Following a massive find of artifacts and human remains, archaeologists are trying to piece together what life was like 2400 years ago in what is now Colombia’s capital Bogota.
The study began in 2015 when archaeologists discovered an archaeological treasure trove at a construction site in Soacha, a poor municipality south of Bogota.
The scientists found 612 human bones and 88 pieces of ceramics dating back as far as 400BC in the ground where construction workers wanted to build a power station.
Two years after the find, archaeologists believe they now have a better idea what the Muisca people, the oldest known settlers of the Bogota high plains, lived like shortly after settling in the region.
Earlier archaeological evidence indicated the Muisca people had been living in the region since 5500BC.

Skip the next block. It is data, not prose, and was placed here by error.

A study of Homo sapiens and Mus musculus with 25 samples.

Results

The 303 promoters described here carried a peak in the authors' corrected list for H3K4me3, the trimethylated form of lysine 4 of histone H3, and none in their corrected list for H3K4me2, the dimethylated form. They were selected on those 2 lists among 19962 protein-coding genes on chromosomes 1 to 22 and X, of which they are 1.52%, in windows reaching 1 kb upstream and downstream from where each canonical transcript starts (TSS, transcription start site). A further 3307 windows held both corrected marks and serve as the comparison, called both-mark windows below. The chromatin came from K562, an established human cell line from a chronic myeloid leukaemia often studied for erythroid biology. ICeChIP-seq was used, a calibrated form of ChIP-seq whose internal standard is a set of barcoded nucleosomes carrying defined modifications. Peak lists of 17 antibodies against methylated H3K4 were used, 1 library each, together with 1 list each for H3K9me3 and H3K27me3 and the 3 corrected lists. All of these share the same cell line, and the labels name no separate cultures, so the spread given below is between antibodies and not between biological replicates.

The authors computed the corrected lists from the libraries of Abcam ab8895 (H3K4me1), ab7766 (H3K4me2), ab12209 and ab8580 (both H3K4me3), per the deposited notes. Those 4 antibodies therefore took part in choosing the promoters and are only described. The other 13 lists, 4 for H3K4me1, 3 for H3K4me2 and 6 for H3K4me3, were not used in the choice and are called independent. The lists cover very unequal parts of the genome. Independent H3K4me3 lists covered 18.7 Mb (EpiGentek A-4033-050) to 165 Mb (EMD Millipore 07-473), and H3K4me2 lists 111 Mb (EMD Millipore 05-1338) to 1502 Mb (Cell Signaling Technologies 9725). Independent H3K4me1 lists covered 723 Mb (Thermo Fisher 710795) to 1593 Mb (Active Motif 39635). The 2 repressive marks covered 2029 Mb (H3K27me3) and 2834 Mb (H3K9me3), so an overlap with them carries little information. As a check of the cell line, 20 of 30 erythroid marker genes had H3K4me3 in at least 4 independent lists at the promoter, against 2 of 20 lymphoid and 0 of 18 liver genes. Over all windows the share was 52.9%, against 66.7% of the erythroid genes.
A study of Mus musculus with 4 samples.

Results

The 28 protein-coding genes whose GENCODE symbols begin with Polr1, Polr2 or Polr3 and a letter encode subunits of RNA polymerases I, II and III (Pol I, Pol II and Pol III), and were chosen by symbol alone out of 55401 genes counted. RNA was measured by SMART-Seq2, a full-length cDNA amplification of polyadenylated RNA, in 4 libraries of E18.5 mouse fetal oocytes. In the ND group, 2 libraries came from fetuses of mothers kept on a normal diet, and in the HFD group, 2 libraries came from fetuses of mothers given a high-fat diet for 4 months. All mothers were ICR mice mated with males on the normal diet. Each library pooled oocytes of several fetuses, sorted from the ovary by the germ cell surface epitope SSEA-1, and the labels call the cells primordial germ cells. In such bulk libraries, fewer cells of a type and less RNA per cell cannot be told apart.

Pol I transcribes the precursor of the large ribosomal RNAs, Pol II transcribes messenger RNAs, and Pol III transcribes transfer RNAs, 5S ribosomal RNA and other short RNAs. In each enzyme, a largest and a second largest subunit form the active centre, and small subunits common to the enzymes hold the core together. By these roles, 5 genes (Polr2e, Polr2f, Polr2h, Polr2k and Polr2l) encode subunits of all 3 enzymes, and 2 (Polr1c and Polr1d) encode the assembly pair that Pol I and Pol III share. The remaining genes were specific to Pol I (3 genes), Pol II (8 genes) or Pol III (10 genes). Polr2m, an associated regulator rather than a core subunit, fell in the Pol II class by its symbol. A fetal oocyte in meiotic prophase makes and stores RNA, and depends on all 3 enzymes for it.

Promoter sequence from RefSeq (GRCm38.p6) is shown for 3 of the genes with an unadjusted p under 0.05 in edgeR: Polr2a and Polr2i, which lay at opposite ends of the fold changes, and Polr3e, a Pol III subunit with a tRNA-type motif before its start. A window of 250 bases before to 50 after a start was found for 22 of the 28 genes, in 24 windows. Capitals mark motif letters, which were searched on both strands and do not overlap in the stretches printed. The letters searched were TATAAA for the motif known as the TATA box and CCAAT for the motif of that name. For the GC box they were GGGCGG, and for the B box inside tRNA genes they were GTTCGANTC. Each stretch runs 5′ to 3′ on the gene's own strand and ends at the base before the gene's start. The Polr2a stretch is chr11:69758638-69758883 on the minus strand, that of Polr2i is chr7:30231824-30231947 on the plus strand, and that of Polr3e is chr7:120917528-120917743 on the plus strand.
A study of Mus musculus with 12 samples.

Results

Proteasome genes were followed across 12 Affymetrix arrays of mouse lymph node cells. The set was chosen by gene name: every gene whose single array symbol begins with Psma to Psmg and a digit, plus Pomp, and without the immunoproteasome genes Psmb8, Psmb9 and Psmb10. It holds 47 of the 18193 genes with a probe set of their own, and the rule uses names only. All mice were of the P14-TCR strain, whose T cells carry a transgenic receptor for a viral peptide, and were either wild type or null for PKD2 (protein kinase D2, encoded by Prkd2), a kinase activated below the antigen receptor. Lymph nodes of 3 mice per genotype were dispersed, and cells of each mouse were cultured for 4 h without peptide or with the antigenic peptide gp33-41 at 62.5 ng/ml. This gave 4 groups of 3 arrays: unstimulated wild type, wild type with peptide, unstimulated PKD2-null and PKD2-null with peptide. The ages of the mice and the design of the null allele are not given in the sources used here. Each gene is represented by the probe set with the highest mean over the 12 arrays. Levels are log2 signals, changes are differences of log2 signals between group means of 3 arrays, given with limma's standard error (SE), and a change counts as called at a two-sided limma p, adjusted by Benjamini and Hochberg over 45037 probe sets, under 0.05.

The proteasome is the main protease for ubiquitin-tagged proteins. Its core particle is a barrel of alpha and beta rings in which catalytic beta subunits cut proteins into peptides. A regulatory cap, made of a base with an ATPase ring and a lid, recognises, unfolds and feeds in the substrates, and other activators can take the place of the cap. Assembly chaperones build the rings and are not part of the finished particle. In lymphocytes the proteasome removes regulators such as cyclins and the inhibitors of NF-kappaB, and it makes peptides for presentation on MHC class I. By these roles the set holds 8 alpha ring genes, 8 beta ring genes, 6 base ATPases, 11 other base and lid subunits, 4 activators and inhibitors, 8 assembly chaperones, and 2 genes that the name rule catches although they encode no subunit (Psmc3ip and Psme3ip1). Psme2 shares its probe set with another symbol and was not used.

The latest Soacha trove contains evidence of early villages built by the high plains’ original inhabitants around 400BC.
This has helped the scientists to piece together a picture of what life was like in the hierarchical communities that settled in the Bogota high plains more than a 1,000 years before the arrival of Spanish colonists.
It is a good reconstruction of our history, to see how they lived and the development of their daily life. This was an opportunity to find more information about our culture.
Archaeologist David Felipe Acosta
The evidence found in Soacha indicates that the people used irrigation systems for agriculture and religious rituals, animal teeth for sowing, and were already trading with nations on the Caribbean coast.
Life in the earliest discovered settlement was likely hard as investigators found evidence of a high child mortality rate.
The ancient Musica people were on average 1.52 meter tall, considerably shorter than Bogota’s current population.
The archaeologists will display artifacts found at the site at the Soacha city hall while continuing to investigate the life of the early settlers.